Two hundred years ago, in the Cologny manor known as the Villa Diodati, five young Romantics gathered for a summer so rare and beautiful that it has transcended the ages from literary anecdote into pop culture lore. Full of sex, drugs, and the nineteenth century equivalent of rock and roll, the discussions and adventures experienced by Lord Byron, Mary Shelley, Percy Bysshe Shelley, Dr. John Polidori, and Claire Clairmont during the summer of 1816 lead to the creation of two literary legends, Polidori’s The Vampyre and of course, Mary Shelley’s Frankenstein.
This happened at the height of the groups’ idyllic summer. Byron and Claire were not completely at odds; the Shelleys' son, William, was healthy and crawled among the Alpine wildflowers; Byron and Shelley were in the throes of their budding Bromance; and Mary grew drunk on the subtle sublimity of the Swiss landscape. By August, their relationships would become contentious, but for now, they were all one giant friend crush. They sailed and hiked around Lake Geneva and its environs, reciting poetry or waxing philosophic, but then, thanks to the volcanic eruption of Mount Tambora in 1815, Geneva became subjected to incessant and violent thunderstorms that kept the group housebound for three nights. To pass the time, they imbibed and read each other ghost stories. It was under these conditions, then, that on June 16, 1816, Lord Byron gave the famous challenge to his guests: to see who could write the best phantasmagoric tale.
While we often pinpoint this one evening as when Frankenstein was conceived, other factors from the three nights played into her inspiration, including a conversation regarding galvanism between Byron and Shelley, and a weird opiate-induced panic attack from Shelley. These scenes steeped in her subconscious until it boiled over into a dream where she: “…saw the pale student of unhallowed arts kneeling beside the thing he had put together.” In her 1831 preface, Mary writes that the dream continued, showing that the “thing” became reanimated with life and, horrified, the student abandoned him in his lab. Cowering in his chambers, the student awakes to find peaking from the curtains “the yellow watery eye” of the creature. Her story born, Mary won the contest and continued its encouraged composition until it was completed in Italy, nine months later. In 1818, it would be published anonymously to rave reviews and immediate success.
Here is usually where the story stops. Aside from Shelley's drowning in Italy on July 8, 1822, mainstream culture doesn’t discuss much more regarding Mary. However, she neither gave up on life nor writing at 25. She lived to be 54, wrote nine novels, myriad short stories, and essays for such works as Lives of the Most Eminent Literary Literary and Scientific Men (1835-39) and Lardner's Cabinet Cyclopaedia. Other than The Last Man, one hears very little about these other works outside of academic circles. But Mary never meant to write to an elite. With these works, not only did Shelley support herself and her only surviving son, and therefore wrote to a general populace, but in doing so explored innovative issues in regards to gender-bending, mysticism, and historical fiction. She would also make an effort to carry out her mother, Mary Wollstonecraft’s, feminist creeds, and assisted other women writers in need.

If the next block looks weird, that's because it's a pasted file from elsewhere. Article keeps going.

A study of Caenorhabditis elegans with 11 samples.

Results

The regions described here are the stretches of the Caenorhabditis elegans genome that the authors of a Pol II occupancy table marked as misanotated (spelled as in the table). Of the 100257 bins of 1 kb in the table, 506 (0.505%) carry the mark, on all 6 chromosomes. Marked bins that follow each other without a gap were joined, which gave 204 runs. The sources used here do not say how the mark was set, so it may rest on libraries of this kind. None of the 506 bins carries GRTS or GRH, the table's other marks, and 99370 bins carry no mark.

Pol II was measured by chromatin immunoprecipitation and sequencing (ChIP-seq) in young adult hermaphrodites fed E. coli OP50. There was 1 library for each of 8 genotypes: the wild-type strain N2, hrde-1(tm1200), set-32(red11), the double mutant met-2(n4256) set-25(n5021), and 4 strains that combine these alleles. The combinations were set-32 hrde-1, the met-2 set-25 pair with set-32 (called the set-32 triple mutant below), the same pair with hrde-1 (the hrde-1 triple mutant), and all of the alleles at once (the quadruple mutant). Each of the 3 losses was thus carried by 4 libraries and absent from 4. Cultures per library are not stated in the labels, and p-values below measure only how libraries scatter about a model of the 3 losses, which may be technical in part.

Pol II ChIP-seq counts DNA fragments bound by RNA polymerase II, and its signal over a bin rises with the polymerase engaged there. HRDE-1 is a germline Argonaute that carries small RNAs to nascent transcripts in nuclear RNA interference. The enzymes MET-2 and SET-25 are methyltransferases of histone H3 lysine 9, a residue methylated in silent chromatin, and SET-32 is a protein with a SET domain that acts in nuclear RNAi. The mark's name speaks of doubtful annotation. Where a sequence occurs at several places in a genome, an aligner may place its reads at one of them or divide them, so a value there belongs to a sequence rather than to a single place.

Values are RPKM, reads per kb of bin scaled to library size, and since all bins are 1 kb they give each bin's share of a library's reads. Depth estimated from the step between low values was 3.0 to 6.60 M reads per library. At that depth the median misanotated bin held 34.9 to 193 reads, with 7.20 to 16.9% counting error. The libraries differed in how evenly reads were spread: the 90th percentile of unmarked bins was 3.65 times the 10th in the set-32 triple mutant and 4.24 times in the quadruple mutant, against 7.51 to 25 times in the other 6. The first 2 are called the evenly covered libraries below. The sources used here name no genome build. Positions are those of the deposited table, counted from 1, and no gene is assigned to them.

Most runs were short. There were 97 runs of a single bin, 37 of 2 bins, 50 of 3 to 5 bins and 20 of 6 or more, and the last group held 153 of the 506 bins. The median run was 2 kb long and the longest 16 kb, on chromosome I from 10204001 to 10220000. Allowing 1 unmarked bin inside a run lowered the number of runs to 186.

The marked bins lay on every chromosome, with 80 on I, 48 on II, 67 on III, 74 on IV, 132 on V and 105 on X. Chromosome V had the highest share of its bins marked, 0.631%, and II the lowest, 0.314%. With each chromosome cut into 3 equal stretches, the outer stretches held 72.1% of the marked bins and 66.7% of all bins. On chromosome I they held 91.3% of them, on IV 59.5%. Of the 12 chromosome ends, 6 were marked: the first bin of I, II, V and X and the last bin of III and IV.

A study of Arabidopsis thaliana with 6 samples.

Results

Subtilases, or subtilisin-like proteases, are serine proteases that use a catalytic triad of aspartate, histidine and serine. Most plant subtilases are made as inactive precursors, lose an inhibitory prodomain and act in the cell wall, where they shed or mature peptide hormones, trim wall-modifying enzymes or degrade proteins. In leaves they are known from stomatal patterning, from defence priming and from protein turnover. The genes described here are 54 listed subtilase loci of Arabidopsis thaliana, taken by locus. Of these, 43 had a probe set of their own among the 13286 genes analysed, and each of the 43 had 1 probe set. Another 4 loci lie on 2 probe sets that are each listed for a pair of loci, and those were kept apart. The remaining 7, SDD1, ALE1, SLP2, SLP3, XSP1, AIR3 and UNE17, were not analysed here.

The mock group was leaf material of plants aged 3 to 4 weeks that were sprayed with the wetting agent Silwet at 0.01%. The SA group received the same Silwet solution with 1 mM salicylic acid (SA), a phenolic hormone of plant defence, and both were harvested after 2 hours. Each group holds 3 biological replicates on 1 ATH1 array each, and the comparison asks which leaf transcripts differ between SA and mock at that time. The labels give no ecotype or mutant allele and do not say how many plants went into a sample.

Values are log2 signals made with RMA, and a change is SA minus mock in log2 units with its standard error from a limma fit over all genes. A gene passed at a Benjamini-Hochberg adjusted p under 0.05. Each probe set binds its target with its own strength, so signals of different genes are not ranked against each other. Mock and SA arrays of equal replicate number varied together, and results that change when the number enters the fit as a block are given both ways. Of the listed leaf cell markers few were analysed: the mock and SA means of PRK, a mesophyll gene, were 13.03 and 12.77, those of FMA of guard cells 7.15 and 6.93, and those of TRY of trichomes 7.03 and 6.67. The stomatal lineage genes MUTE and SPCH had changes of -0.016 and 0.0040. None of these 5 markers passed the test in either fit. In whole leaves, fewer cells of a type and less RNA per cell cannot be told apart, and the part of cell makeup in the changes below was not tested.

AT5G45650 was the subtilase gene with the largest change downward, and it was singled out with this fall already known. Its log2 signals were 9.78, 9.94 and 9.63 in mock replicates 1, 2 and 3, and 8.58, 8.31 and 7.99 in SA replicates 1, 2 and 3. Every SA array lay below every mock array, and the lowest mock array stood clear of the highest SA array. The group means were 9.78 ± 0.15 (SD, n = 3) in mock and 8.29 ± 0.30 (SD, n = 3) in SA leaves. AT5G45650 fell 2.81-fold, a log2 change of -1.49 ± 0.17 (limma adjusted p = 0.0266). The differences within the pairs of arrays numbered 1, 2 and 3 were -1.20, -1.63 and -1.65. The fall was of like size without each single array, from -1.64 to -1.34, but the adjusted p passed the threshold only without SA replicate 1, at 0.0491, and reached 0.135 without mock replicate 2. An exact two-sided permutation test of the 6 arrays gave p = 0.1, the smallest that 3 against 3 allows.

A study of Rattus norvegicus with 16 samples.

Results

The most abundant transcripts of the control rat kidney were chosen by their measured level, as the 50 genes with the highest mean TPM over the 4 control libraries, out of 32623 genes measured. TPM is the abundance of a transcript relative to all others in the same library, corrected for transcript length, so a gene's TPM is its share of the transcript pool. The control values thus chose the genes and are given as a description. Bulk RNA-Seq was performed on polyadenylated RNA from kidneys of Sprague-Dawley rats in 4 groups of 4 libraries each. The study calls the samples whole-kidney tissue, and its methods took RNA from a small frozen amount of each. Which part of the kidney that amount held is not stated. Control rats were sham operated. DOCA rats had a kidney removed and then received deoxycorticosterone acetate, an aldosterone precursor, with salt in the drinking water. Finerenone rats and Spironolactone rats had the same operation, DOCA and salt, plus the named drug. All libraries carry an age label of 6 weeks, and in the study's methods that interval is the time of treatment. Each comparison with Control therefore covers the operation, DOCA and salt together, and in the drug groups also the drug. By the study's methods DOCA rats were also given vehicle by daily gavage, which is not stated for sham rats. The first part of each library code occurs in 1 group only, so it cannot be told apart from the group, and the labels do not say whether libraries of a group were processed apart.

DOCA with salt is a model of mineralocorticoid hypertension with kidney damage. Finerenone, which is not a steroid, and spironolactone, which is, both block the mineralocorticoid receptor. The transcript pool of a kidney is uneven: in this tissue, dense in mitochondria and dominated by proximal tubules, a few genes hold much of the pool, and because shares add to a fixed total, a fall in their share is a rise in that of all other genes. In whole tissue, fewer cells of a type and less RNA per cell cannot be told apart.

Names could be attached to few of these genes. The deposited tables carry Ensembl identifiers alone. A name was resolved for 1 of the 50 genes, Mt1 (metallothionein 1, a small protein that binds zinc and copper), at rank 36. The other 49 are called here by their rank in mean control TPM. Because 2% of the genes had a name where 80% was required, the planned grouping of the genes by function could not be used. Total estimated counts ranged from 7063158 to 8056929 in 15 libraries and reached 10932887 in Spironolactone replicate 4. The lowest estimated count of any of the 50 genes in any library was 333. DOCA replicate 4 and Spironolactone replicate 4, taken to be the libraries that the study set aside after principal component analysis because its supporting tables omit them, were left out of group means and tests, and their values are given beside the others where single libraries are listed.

As we celebrate Shelley and the bicentennial of her most famous novel, I propose exploring the rest of her canon, not only to show that she was more than a one-hit wonder, but to also look at what it was like to be a full-time female writer during the nineteenth century. While the most evoked image of her is as a young Romantic doyenne who produced one of the most topical and chilling works of Western literature, we will see that her tastes changed with maturity and for perseverance.
Starting next month with her first published effort, A History of a Six Weeks Tour Through a Part of France, Switzerland, Germany, and Holland: With Letters Descriptive of a Sail Around the Lake of Geneva and of the Glaciers of Chamonui, I invite you to join me as I venture and discuss all of Mary Shelley’s life experiences and major works (besides Frankenstein) over the next year.
I would love for you to join me, and have included the reading schedule, as well as links to public domain editions, where available.
The Beyond Prometheus Reading List
History of a Six Weeks' Tour (1817)
Proserpine and Midas (1820)
Maurice (1820) (nb. not available in the public domain, but available for purchase here)
The Last Man (1826)
Selena Chambers' fiction and non-fiction have appeared in a variety of venues including MungBeing magazine, Clarkesworld, The Non-Binary Review, Tor.com, Bookslut, Cassilda's Song, and The Last Session. Her work has been nominated for a Pushcart, Best of the Net, and the Hugo and World Fantasy awards.
In love with Mary Shelley since 1995, she followed the writer’s footsteps through Europe in 2010, and wrote about the experience in Wandering Spirits: Traveling Mary Shelley’s Frankenstein.